A Jersey deputy wants a review of the impact new family-friendly employment rights will have on businesses and families, a year after the planned law comes into force.
Politicians will decide next month whether to double parental leave to 52 weeks, with 6 weeks paid. If approved, it will come into force this September.
All parents, including adoptive and surrogate parents, will be able to take that time off in three blocks over two years, if amendments by the Social Security Minister are approved. Deputy Judy Martin originally proposed four blocks over three years.
Concerns have been raised on the impact it will have on small businesses in particular.
Deputy Louise Doublet says the government should help as much as possible.
"If we have this review, we can see areas that businesses might be struggling with and crucially we can then decide what support we might need to put in to businesses, financial or otherwise.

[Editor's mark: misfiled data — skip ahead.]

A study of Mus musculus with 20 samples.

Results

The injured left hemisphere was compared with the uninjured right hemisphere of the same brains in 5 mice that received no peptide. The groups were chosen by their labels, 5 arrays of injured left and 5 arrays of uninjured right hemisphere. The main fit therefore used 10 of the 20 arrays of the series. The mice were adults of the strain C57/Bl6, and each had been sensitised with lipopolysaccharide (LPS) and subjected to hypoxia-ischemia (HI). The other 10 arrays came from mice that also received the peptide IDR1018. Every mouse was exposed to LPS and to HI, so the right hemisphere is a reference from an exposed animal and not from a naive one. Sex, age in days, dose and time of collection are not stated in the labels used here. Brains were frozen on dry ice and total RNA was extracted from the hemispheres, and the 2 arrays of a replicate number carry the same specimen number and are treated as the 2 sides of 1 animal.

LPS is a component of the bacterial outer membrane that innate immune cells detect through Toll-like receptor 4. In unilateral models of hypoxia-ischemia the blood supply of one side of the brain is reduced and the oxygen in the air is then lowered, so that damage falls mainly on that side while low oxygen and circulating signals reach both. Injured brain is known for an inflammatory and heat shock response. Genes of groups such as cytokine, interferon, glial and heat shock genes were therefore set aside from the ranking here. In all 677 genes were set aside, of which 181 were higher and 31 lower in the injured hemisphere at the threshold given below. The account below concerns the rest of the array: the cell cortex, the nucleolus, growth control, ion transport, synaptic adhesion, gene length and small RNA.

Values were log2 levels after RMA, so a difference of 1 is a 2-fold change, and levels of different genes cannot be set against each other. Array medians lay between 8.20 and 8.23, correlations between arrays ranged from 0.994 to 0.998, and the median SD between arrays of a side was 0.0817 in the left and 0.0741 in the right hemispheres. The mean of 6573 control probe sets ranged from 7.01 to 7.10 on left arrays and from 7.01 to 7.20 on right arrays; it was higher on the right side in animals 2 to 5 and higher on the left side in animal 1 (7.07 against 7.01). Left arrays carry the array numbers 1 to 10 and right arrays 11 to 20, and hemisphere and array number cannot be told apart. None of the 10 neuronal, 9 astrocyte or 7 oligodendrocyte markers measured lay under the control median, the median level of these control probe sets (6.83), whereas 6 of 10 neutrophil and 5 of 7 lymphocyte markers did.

"It might be looking at supply of cover staff to make sure businesses can deliver this for their staff. We might need to look at actually funding it a bit more."
The Chamber of Commerce has previously called for the debate to be delayed for at least a year, because of Brexit uncertainties and other economic challenges.
However Deputy Doublet says it's 'absolutely critical' that this Assembly sees the proposition through to the fullest extent.
She also wants an assessment of families access to the rights from September 2020.
"Some mothers and fathers feel that actually they need a longer period of time that is going to be paid to allow them to actually spend that time with their child, because many people can't afford to take unpaid leave from work.
"I think that if this is something that is important to us as a society, then we need to decide where the burden is going to fall and ideally it's not going to fall completely on businesses."
The law is due to be debated on 18th June.